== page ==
A unicorn, a fish and a green three-tailed creature are on a stage. No, this is not the opening line to a joke. The trio is fighting about why they missed boarding Noah’s Ark. Until the fish realizes she has gills and swims away, that is.
That scene is a tiny slice of what Waa-Mu’s 2010 show, Keeping Time, has to offer the audience. Other sketches feature characters including different presidents, Genghis Khan, Confucius and Marie Curie, to name a few.
“Sometimes the over-the-top nature of Waa-Mu does pay off and is really fun and exciting,” said Lindsay Powell, a Waa-Mu co-chair along with RB Embleton.
Keeping Time opens this Friday with songs and sketches all loosely based on time and history. Waa-Mu has been working on the show since the new executive board came into office last spring. This will be the last of director Dominic Missimi’s 17 years at the helm of Waa-Mu and 19 years of involvement in the show.
“I’m sad to leave, but I’m excited to think about what a new Waa-Mu show will be like,” Missimi said.
The director said he is happy to see the show flourish, with its largest-ever cast of 51 students. Although he noted that a large cast and young writers made directing the show challenging at times, Missimi said that means the show will have strong talent and experience to build off of in the years to come.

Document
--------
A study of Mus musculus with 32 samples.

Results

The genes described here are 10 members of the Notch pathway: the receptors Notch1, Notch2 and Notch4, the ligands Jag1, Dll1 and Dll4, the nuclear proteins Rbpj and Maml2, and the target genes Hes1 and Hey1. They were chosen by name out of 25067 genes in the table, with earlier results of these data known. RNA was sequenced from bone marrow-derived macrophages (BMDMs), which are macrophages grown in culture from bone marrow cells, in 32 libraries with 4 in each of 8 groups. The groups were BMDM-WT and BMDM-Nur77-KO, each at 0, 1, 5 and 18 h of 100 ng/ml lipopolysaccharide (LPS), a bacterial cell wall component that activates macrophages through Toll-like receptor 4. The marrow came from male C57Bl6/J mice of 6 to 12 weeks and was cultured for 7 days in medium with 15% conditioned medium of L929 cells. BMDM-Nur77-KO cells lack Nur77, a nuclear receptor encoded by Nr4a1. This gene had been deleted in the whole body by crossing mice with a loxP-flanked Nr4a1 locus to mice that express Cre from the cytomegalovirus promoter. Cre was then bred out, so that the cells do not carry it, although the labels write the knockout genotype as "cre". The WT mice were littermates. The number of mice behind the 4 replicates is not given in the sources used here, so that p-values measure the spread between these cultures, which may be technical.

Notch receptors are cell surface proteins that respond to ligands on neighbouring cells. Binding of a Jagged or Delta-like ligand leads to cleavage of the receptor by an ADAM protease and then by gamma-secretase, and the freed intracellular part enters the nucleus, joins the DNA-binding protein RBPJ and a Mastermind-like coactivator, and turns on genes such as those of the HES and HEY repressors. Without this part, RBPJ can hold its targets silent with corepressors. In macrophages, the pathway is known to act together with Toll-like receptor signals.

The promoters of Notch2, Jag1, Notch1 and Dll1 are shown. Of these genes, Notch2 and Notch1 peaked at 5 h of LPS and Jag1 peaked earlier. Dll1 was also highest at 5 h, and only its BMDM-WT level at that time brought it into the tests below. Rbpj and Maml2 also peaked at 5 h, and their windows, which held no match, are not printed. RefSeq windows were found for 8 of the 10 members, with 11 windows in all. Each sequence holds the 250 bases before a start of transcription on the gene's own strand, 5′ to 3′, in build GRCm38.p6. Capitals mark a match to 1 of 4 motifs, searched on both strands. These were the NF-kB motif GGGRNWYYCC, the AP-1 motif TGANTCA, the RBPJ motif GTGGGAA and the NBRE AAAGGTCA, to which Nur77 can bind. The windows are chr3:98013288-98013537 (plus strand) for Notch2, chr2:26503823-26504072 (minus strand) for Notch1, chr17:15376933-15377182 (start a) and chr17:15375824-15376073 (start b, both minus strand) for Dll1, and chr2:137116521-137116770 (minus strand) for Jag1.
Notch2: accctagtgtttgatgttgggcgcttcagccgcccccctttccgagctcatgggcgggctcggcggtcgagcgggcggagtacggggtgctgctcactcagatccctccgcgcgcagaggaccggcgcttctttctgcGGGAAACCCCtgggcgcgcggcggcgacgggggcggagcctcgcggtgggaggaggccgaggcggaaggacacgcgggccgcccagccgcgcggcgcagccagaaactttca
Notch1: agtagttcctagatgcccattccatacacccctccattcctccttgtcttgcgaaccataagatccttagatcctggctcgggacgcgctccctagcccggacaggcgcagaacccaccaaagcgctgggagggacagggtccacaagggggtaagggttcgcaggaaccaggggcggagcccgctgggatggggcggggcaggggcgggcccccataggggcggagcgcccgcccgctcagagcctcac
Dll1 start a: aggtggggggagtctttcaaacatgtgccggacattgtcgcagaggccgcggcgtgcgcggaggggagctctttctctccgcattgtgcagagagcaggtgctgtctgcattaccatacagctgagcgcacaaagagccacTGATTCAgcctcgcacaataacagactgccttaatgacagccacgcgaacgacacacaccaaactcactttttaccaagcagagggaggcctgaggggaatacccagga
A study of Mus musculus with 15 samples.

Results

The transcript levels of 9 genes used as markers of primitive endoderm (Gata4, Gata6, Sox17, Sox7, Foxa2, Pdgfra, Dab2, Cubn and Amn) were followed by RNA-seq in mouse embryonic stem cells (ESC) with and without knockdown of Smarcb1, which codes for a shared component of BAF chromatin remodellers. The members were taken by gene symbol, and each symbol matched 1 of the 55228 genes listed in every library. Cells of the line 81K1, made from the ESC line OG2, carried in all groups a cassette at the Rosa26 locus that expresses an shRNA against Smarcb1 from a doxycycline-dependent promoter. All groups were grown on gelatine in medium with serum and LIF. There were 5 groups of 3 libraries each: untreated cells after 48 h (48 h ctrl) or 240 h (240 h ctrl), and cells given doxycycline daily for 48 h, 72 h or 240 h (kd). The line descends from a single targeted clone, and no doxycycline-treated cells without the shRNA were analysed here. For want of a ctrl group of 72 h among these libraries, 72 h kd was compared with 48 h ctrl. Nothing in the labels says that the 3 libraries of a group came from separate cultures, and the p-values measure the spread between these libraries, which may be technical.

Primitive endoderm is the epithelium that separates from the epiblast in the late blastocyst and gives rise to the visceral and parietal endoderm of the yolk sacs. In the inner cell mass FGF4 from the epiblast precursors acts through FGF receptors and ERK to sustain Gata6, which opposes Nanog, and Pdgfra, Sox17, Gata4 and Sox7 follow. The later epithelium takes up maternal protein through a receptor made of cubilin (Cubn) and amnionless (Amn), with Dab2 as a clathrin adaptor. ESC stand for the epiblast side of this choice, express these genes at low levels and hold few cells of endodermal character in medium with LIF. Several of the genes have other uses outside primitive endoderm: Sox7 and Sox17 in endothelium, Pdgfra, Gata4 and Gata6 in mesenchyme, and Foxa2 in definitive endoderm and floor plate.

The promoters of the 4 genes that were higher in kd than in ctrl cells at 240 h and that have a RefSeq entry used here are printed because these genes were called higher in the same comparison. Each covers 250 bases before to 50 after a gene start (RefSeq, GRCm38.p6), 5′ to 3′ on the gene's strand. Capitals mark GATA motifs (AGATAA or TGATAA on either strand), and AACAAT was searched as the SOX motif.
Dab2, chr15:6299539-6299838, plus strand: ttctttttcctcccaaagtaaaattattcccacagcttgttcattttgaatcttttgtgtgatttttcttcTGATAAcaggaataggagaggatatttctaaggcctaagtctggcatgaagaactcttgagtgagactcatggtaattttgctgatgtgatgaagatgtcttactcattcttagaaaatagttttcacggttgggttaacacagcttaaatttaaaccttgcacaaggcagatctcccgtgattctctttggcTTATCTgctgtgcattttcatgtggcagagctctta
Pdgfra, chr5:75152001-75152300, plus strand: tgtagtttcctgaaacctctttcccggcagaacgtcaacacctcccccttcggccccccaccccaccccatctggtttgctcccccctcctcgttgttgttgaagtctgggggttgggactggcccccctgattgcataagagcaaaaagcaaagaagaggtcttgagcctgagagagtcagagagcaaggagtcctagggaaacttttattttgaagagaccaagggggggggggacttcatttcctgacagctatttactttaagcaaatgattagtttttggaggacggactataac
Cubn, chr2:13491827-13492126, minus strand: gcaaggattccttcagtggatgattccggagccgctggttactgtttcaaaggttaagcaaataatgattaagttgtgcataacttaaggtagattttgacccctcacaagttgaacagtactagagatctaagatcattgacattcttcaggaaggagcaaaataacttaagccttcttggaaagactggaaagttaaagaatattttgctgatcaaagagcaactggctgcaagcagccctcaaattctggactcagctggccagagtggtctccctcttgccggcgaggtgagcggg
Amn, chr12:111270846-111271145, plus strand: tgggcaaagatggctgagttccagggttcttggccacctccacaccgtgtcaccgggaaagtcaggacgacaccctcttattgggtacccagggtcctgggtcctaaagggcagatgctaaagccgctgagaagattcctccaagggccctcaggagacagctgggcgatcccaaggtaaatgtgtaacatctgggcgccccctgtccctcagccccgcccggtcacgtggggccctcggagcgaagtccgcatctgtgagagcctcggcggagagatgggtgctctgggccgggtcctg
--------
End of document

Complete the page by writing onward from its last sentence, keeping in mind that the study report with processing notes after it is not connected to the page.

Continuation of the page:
The process of shaping a Waa-Mu show from its creation until opening night is not easy. Right after the co-chairs announces the show’s theme, the entire executive board begins to discuss ideas.
Powell, Embleton and Missimi developed this year’s theme based on the success of the 2009 show about books, called One for the Books. The three wanted to use another theme that would allow Waa-Mu to once again incorporate colorful costumes, funny sketches and unique characters.
During the fall, any student who wishes to write for the show can come to meetings held twice weekly and present ideas for sketches or even entire scripts. Then in the winter, key players in the show’s development take a student-run seminar where they workshop the show and finalize an order for the songs and sketches. Rehearsal does not start until after spring break.
“I think that a big struggle is finding a really great balance of songs that are funny and current and songs…that the older crowd will really enjoy,” Powell said of the creative process, adding that many 40- to 50-year-olds come see the show each year.
Co-choreographer Carly Robinson, who shares the responsibility with Britt Banasczynski, said she likes the way the show is coming together for Missimi’s final year.
“It’s really an unbelievable cast,” she said. “The sketches are really smart and witty, and all the songs are incredible. I would recommend it to a lot of people.”